RIO DE JANEIRO, 13 JUNE: Not even a day after his arrival in Rio de Janeiro and just hours after attending the Brazil-England soccer friendly at the city’s legendary Maracana stadium, a sports columnist for the Daily Mail newspaper was held up at knifepoint as he strolled along Copacabana Beach.
Adrian Durham darted into oncoming traffic to get away, and in the end the would-be mugger didn’t make off with anything. But the June 2 incident, which Durham described in a recent column, has served as a warning for the tens of thousands of foreign visitors expected to flood into Brazil for this week’s Confederations Cup soccer tournament. It’s only the first of a series of high-profile events Rio’s is gearing up to host, among them a papal visit in July, next year’s World Cup and the 2016 Olympics. Security has long been a major problem in Brazil, where heavily armed drug lords control swaths of territory that are off-limits to law enforcement and where petty crime often turns fatal. As part of its Olympic bid, Brazil’s government pledged to curb the violence, and major strides have been made in recent years, particularly in Rio, where the police are now present in more than 200 hillside "favela" slums. But the country still has an alarmingly high murder rate, and knife and gun-point muggings, carjackings and armed robberies continue to be facts of daily life. Rio alone has seen a spate of recent incidents, including the March gang rape of an American student aboard a public transit van and the shooting last Saturday of a Brazilian engineer who, because of faulty signs, took a wrong turn and drove into an unpacified favela.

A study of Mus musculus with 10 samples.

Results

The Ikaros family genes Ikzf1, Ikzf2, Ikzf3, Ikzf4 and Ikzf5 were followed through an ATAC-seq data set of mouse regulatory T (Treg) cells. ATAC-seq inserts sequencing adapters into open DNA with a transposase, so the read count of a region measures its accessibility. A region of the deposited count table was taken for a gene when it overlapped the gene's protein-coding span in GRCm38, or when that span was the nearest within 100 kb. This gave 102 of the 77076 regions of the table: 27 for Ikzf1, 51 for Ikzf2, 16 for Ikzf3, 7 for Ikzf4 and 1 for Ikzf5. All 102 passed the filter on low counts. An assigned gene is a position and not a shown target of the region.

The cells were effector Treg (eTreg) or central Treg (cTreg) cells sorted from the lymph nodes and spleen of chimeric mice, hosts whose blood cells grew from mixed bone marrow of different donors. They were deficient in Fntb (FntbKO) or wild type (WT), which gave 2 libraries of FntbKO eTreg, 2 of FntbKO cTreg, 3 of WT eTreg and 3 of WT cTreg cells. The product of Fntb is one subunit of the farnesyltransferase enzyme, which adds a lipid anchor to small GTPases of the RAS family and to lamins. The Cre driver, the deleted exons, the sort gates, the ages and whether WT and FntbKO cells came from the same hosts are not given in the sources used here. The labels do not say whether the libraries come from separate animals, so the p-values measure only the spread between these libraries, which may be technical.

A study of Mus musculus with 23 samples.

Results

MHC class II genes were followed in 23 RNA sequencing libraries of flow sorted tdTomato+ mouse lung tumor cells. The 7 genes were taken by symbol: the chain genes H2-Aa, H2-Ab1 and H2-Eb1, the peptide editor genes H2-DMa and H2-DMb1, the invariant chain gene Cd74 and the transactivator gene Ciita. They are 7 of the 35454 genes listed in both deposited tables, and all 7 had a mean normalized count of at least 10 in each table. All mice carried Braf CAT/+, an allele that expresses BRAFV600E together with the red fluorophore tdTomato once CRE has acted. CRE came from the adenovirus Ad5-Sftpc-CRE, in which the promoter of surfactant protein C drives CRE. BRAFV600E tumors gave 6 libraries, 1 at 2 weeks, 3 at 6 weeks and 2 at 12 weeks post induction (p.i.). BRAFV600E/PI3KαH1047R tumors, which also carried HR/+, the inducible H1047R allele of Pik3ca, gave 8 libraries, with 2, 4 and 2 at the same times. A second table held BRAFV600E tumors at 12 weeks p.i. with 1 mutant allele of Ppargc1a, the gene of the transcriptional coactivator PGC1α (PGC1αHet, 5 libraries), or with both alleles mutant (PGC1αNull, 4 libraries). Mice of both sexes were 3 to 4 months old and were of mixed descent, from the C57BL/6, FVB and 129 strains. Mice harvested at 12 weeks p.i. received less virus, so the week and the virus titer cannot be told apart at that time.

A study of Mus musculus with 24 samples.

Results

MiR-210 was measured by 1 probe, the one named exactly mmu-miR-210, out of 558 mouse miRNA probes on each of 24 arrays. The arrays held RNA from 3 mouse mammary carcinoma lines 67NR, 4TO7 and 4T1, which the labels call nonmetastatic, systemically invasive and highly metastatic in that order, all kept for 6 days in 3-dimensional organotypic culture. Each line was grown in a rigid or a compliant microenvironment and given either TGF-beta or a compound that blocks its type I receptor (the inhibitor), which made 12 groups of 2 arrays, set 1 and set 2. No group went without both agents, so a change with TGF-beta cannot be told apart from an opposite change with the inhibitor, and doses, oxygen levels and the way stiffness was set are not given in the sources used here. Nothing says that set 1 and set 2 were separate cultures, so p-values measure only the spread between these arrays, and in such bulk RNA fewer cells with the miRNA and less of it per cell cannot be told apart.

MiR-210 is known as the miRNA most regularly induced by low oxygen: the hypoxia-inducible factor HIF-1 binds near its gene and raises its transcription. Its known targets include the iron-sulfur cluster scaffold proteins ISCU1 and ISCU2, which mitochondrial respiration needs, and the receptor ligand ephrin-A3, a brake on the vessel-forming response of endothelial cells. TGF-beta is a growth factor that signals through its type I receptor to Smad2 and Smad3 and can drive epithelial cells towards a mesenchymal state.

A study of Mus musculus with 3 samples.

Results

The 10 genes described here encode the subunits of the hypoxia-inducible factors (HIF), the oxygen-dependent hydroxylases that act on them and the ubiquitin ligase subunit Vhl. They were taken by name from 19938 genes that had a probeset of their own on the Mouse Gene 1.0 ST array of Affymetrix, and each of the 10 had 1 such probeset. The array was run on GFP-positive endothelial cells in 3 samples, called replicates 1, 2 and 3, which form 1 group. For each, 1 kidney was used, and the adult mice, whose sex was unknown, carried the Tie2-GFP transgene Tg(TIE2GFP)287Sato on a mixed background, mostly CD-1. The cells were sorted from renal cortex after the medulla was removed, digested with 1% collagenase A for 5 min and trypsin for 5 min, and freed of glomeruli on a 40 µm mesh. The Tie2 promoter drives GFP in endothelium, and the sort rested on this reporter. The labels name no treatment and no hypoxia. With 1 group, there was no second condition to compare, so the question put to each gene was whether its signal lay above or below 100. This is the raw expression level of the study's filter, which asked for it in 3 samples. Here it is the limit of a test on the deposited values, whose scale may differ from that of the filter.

Brazilian officials have brought in drones, thermal cameras and thousands of troops to patrol the six stadiums hosting Confederations Cup events. But experts say visitors like Durham will be immediately vulnerable once they venture away from secured areas, and in fact, may run even a greater risk than usual, with many police having been called off their regular street duties to patrol the stadiums’ environs.
"Street lighting and police presence need to be stepped up dramatically before the World Cup — and then the Olympics — come here," Durham wrote in his column. "Attitudes need to change — locals clearly just accept that crime happens and have no desire to tackle it."